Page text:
SAN FRANCISCO—Defense Secretary Ashton Carter on Tuesday sought to assure Silicon Valley that the Defense Department remains an eager partner on encryption technology despite an ongoing legal battle over whether the courts can compel Apple [AAPL] to give the FBI a “back door” into its products.

Carter arrived in San Francisco on Monday for a West Coast tour in which he is slated to do outreach with commercial technology companies such as Microsoft [MSFT] and Amazon [AMZN]. Meanwhile, Apple and the FBI are embroiled in a legal dispute about whether the technology powerhouse should have to write purpose-built software allowing the bureau to break into an iPhone used by one of the San Bernardino shooters. Apple executives have argued that building such a tool would weaken security on all its devices and set a dangerous precedent that force technology companies to subvert its privacy protections to comply with law enforcement demands in the future.

U.S. Secretary of Defense Ashton Carter. Photo: Pentagon
U.S. Secretary of Defense Ashton Carter. Photo: Pentagon

“I know enough to recognize that there will not be some simple, overall technical solution – a so-called ‘back door’ that does it all,” he said in prepared remarks ahead of a Tuesday speech at the Commonwealth Club. “The bottom line is that the tech community and policymakers need to work together to solve these complex challenges, just as we have in the past.”

“Future technology will only grow more complicated.  And in this global marketplace, failing to work together would risk letting others set the standard on their terms – that wouldn’t be consistent with U.S. values, and it wouldn’t be good for U.S. businesses either,” he added.

The Defense Department is the largest user of encryption in the world, and it will continue to need strong ways to protect its data, keep its fighter jets and communications networks from getting hacked, he said.

Carter declined to speak specifically about the dispute but noted that “future policy shouldn’t be driven by any one particular case.”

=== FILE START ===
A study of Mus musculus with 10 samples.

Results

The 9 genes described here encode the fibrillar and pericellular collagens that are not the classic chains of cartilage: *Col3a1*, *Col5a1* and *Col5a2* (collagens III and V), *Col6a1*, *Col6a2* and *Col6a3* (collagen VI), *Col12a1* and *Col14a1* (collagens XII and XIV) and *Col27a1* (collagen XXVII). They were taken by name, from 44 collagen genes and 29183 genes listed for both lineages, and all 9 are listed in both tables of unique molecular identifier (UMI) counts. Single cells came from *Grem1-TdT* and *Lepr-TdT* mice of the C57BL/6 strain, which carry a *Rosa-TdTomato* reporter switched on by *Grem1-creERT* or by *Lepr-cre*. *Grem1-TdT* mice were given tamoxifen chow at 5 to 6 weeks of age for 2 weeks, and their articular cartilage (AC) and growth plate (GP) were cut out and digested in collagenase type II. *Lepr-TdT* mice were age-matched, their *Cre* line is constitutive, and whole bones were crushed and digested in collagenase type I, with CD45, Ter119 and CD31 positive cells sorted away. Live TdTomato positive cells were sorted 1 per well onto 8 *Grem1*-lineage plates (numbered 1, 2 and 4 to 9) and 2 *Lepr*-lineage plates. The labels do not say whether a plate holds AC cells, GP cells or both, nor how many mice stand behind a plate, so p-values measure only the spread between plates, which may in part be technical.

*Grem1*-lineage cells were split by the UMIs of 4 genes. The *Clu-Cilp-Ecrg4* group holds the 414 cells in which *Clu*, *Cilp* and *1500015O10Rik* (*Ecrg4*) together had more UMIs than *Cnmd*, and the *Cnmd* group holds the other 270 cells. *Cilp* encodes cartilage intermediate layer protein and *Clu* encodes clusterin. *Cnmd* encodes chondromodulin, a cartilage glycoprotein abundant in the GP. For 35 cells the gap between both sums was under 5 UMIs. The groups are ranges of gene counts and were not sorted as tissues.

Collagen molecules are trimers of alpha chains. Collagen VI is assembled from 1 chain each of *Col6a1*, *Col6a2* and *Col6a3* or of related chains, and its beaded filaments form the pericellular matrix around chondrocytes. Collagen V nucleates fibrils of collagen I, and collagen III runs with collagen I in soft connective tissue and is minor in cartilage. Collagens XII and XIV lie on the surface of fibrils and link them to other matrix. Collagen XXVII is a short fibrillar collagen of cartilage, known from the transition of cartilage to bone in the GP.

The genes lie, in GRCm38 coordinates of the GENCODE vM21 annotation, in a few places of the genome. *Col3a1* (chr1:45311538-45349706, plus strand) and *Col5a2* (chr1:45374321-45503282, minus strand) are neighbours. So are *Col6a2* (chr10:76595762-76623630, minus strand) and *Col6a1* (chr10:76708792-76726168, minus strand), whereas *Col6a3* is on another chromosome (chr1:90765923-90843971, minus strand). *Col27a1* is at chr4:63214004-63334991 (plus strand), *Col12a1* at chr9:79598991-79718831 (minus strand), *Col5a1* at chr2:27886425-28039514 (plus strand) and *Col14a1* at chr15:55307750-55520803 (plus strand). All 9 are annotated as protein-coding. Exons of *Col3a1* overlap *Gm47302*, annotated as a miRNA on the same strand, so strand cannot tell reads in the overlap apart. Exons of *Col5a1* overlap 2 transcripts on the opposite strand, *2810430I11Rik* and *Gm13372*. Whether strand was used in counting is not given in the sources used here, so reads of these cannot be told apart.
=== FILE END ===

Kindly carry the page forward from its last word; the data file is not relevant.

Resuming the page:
“It is easy to see wrong ways to do this. One would be a law hastily written in anger or grief,” he said. “Another would be to have the rules be written by Russia or China. That’s why the Department of Defense will continue seeking to work with Bay Area companies—because we’re living in the same world, with the same basic trends and the same basic threats.”

During the speech, Carter also sought to galvanize the region’s powerful businesses against China, positioning the Defense Department as a supporter of the global economy and China as a spoiler seeking to undo U.S. military efforts to protect open oceans, space and cyberspace.

The Pentagon has a symbiotic relationship with the private sector in those domains, he said. The military depends on industry for technologies that help it protect waterways and oceans, internet and communications networks and access to space, and in doing so it helps enables trade and economic growth.

In contrast, China continues to grow its military power in the South China Sea—including on disputed and artificially created islands, create technologies meant to disrupt other nations’ access to space, censor the internet and steal other nation’s intellectual property, he said.

“China has also indicated intent to require backdoors for all new technologies – potentially forcing the world to operate, and innovate, on China’s terms,” he said.  “That’s not right. Clearly this approach is contrary to the values we share as a nation here in the United States.”

Improving the department’s relationship with Silicon Valley has been one of Carter’s chief priorities since he took the top Pentagon post. His speech on Tuesday kicked off his third trip to the tech hub since April 2015, when he announced the formation of Defense Innovation Unit Experimental (DIUx), a new Pentagon outpost created to interface with innovative companies and start-ups in the region.

‘I’m glad we’ve started to make real progress on that over the last year,” he said. “We always want America’s best contributing to our national security, and for it to be a two-way street.  There’s a lot we can learn from each other on better securing our networks, and defending against emerging cyber threats.”

One of the ways the department is broadening its engagement with Silicon Valley is its Defense Digital Service initiative, which brings recruits tech sector employees from places like Google [GOOG], Palantir and Shopify [SHOP] for stints at the Pentagon, he said.